Charting a course

December 1st, 2015 / By: / Business, Feature, Management, Perspective

CMB_150820_K_Bradford-219-EditIncoming IFAI board chair Katie Bradford takes the helm, using business expertise and networking know-how to lead the association.

“I believe good leadership encourages participation and embraces differences,” says Katie Bradford, MFC, IFM, incoming chair of the Industrial Fabrics Association International (IFAI) and owner and president of Custom Marine Canvas, Noank, Conn. “IFAI membership is made up of large businesses, small businesses, manufacturers and suppliers. Everybody at the table has a voice—and an opportunity to impact the future of the specialty fabrics industry.”

Bradford’s introduction to small business ownership began in 1985 when she launched her marine canvas manufacturing shop in an unheated warehouse, with her one and only employee—her cousin (see “Bradford brings virtual vision to life” in the September 2009 issue). A lot has changed since then. Custom Marine Canvas is still a small business with six on staff, including Bradford, but the accommodations have improved dramatically, and the company client list now includes the U.S. Coast Guard, the U.S. Navy, the Thames Shipyard and Repair Co. and the Newport Shipyard.

Active optimism

Like many manufacturers, Bradford is still navigating her business through the economic challenges that began in 2008. “The downturn in the economy has led to a downturn in the manufacture of boats and the number of people using them,” she says. “We just don’t have the backlog of projects that we used to, but we’ve found ways to fill the gaps.”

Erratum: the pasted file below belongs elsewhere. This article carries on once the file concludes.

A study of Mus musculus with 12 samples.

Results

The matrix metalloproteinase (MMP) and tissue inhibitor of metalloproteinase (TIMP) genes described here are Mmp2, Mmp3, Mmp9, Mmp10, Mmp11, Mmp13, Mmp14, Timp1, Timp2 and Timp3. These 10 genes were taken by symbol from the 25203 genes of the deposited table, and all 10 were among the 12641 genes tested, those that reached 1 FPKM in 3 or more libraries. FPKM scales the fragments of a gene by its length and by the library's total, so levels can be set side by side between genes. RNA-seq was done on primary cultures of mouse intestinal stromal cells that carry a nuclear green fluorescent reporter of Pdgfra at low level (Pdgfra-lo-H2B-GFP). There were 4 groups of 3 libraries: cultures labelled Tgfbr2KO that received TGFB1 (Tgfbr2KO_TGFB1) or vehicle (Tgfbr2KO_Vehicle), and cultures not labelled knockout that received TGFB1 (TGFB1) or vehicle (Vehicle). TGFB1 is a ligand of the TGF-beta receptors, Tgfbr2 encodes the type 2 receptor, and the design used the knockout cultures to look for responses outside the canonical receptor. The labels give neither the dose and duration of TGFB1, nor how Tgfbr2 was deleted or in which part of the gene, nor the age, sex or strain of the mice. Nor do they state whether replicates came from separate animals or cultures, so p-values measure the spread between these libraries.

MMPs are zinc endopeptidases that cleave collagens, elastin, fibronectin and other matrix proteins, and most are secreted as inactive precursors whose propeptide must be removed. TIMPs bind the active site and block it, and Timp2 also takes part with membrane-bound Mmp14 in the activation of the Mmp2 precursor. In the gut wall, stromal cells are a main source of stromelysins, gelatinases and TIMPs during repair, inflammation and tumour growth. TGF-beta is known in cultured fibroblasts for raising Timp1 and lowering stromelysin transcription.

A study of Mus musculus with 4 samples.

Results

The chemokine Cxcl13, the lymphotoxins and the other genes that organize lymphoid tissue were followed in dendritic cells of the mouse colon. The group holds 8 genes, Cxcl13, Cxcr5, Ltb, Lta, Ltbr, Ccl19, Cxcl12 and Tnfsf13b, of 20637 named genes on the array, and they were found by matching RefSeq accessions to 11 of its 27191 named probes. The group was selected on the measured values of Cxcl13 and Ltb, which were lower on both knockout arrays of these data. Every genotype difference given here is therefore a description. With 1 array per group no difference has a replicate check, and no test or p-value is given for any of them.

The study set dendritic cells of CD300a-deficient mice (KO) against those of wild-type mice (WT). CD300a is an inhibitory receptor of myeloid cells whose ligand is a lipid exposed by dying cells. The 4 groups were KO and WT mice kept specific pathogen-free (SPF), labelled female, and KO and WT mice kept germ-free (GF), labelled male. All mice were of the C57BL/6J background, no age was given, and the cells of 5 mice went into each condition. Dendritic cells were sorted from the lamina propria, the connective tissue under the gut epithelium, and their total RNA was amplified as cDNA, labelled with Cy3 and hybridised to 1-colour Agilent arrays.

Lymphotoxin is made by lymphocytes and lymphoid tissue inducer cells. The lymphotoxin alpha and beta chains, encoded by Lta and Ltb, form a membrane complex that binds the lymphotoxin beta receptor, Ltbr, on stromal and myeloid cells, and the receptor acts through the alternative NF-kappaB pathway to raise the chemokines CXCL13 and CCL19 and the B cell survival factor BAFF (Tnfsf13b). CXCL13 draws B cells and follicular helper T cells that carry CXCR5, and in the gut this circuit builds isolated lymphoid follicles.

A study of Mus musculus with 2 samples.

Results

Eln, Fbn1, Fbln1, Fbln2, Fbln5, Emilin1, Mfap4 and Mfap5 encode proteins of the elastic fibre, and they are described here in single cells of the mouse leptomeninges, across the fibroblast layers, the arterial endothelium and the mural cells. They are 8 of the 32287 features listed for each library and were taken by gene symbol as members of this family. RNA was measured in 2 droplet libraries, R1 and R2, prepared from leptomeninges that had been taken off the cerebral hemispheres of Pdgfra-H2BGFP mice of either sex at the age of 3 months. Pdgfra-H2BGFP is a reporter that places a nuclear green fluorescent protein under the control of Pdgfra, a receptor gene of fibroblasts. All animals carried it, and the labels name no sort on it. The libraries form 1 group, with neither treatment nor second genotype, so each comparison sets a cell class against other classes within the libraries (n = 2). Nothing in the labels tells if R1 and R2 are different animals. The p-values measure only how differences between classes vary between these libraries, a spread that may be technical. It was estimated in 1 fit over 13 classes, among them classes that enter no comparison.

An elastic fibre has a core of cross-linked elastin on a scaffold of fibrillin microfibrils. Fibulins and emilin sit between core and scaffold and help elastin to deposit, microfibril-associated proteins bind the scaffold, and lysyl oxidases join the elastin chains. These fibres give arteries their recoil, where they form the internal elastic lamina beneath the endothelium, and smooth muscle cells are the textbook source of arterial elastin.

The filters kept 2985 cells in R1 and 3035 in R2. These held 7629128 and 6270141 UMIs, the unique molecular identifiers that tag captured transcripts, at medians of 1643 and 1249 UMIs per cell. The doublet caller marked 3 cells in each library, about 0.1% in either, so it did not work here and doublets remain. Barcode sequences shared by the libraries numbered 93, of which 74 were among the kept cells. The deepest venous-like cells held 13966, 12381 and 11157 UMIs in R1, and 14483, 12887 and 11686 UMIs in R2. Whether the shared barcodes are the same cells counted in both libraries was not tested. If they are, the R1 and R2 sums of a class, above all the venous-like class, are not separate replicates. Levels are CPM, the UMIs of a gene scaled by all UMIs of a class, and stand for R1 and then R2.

Although doing work for the U.S. Coast Guard is nothing new for Bradford, expansion to working for the U.S. Navy is. And working for the shipyards has resulted in work from unexpected sources. “The work we do for the Newport Shipyard is on yachts. What we do for the Navy and the Thames Shipyard is heavy-duty, utilitarian stuff. The Thames Shipyard hauls out the fire boats that belong to New York,” she says. “It’s fun work, and a bonus is that one of the firefighters on board the fire boat came all the way from New York to us to have work done on his personal boat because he liked the work we did.”

Bradford is also taking on more hospitality projects for hotels and high-end homes to augment the company’s project load. “A cushion for a couch vs. a cushion for a boat is still a cushion,” she says.

CMB_150820_K_Bradford-183-Edit-2And Bradford began advertising, which she says she never had to do before. The company places ads in a local sailing magazine, as well as sending repair ads to her client list through Constant Contact. “We just started doing the email blasts in the beginning of 2015 and it’s been effective,” Bradford says. “The first one we sent out was on a Friday, and when we came in on Monday there were three calls for work waiting for us.”

Despite the recent economic challenges, Bradford’s business is doing well and she is optimistic about the industry as she takes the helm of the IFAI board. In her first years of being in business Bradford became involved with Marine Fabricators Association (MFA), which led to participating on the IFAI board, both decisions she says helped her run and reinvent her business—and now she’s in a position to give back as chair of the IFAI board.

“The captains of industry all had to start somewhere. Thirty years ago I was just a kid with a sewing machine in a leaky old shed thinking, ‘I’m never going to make it.’ But I did,” she says. “I want those starting out to know they can make it too.”